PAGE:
The FCC's Media Bureau has approved the Univision Holdings sale of majority ownership interest in the Spanish-language media company and its broadcast properties (65 TV stations and 58 radio stations) to investment firms Searchlight Capital Partners, LP, and ForgeLight LLC.
The bureau's approval is conditioned on the sale of three Puerto Rico television stations -- WLII-DT and two satellite stations, WSUR-DT and WOLE-DT -- to comply with FCC local ownership rules.
Also Read: FCC Allows Univision to Boost Foreign Ownership
The FCC will allow Univision to continue to operate WFTY-TV in Smithtown, N.Y., as a satellite of WFUT-TV, Newark, N.J., pursuant to an exception from multiple ownership rules that could otherwise prevent the combo.
The FCC is also granting Univision's petition for a declaratory ruling that the resulting company be allowed to exceed the 25% cap on foreign ownership, conditioned on compliance with the Justice Department's letter regarding national security and law enforcement issues.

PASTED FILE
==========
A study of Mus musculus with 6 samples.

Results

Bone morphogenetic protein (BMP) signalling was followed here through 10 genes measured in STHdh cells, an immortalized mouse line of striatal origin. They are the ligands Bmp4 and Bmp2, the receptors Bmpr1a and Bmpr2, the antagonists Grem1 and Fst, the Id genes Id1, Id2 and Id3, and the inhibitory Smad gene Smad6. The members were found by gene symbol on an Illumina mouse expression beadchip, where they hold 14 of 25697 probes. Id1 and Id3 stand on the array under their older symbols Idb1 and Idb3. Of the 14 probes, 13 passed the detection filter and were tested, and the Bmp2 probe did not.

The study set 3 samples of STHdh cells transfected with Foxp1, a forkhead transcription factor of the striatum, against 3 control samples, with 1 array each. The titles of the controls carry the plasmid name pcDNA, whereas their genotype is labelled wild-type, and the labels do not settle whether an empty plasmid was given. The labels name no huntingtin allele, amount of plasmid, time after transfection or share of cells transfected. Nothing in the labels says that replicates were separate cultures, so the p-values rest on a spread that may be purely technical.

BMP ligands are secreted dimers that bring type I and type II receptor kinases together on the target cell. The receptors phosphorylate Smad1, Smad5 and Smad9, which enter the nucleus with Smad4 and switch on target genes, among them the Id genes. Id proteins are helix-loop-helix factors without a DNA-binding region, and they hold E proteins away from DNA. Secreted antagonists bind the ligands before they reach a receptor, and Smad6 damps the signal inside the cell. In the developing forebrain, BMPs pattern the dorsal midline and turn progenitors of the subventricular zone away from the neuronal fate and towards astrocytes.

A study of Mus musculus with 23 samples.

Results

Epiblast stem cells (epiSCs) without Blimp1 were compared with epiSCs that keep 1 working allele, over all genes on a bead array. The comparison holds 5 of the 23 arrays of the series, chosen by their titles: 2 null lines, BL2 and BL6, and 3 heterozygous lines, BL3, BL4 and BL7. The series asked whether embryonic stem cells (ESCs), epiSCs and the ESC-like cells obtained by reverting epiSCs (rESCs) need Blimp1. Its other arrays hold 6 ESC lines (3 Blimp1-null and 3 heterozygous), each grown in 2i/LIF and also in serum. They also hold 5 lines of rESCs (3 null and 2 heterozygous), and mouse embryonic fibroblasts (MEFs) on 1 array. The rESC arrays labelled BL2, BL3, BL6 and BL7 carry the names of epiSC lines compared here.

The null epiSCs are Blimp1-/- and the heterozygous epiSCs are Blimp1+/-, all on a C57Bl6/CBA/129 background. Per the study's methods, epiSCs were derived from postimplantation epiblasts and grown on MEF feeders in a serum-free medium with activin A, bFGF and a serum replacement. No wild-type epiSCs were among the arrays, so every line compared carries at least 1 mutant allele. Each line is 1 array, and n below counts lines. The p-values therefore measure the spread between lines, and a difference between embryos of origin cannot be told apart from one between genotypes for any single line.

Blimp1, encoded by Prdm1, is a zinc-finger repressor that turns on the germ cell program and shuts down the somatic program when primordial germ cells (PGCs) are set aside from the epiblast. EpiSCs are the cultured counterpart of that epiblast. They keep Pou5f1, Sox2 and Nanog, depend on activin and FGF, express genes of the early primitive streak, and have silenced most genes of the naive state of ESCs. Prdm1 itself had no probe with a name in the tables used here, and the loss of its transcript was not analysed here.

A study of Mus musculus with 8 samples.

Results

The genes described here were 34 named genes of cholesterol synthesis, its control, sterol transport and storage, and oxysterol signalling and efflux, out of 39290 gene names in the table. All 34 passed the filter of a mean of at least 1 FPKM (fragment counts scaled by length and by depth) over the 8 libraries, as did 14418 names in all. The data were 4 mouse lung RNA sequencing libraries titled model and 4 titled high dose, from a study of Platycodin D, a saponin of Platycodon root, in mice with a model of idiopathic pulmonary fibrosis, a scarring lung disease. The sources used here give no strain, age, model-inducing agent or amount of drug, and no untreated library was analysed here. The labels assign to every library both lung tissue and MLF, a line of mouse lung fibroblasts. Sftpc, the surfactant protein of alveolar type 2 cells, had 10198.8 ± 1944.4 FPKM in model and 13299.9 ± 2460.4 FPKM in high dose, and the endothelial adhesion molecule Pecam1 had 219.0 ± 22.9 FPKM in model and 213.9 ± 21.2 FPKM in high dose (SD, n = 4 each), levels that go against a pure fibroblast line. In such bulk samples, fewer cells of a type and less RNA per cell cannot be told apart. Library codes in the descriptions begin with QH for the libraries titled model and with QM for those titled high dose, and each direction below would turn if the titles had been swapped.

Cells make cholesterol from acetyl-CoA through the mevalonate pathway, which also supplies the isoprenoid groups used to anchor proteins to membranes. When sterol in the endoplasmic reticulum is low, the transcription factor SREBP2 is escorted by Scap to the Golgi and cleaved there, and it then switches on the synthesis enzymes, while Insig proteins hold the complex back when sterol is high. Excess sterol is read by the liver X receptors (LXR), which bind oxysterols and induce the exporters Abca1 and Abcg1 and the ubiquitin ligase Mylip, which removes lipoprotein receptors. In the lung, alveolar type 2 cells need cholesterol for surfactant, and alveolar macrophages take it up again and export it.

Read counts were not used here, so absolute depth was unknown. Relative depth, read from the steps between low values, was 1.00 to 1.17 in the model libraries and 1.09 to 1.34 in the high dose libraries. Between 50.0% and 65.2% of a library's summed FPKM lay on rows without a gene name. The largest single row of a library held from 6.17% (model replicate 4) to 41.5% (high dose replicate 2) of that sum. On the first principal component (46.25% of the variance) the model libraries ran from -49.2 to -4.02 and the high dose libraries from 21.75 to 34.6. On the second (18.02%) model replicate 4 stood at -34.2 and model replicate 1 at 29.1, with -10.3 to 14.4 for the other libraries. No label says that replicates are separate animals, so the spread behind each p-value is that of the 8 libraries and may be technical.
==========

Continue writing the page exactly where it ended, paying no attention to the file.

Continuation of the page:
"We find that it would not be in the public interest to prohibit the aggregate foreign equity and voting interest in Univision to exceed 25% and to increase the interest up to and including 100% voting and equity," the FCC said.
Grupo Televisa, through Multimedia Telecom, will retain its 36% stake in Univision, with SearchLight and ForgeLight buying the other 64% from investor groups Madison Dearborn Partners, Providence Equity Partners, TPG, Thomas H. Lee Partners and Saban Capital Group. Via a subscription agreement, Liberty Global also winds up with an 11.6% stake.
While Univision has some license renewals pending, the FCC said there were no outstanding qualification issues that would stand in the way of approving the deal.
In 2013, the FCC lifted its ban on foreign ownership above 25%. Such ownership can now be as much as 100%, so long as it is found, as reviewed on a case-by-case basis, to be in the public interest. The FCC concluded that was the case with Univision.
"We find that that the record presents no substantial and material question of fact as to whether the transaction serves the public interest," the bureau said, adding: "We next find that approval of the proposed transfer of control would be in the public interest and grant the Applications -- including the request for a continuing
satellite exception -- conditioned upon divestiture of overlap stations in Puerto Rico."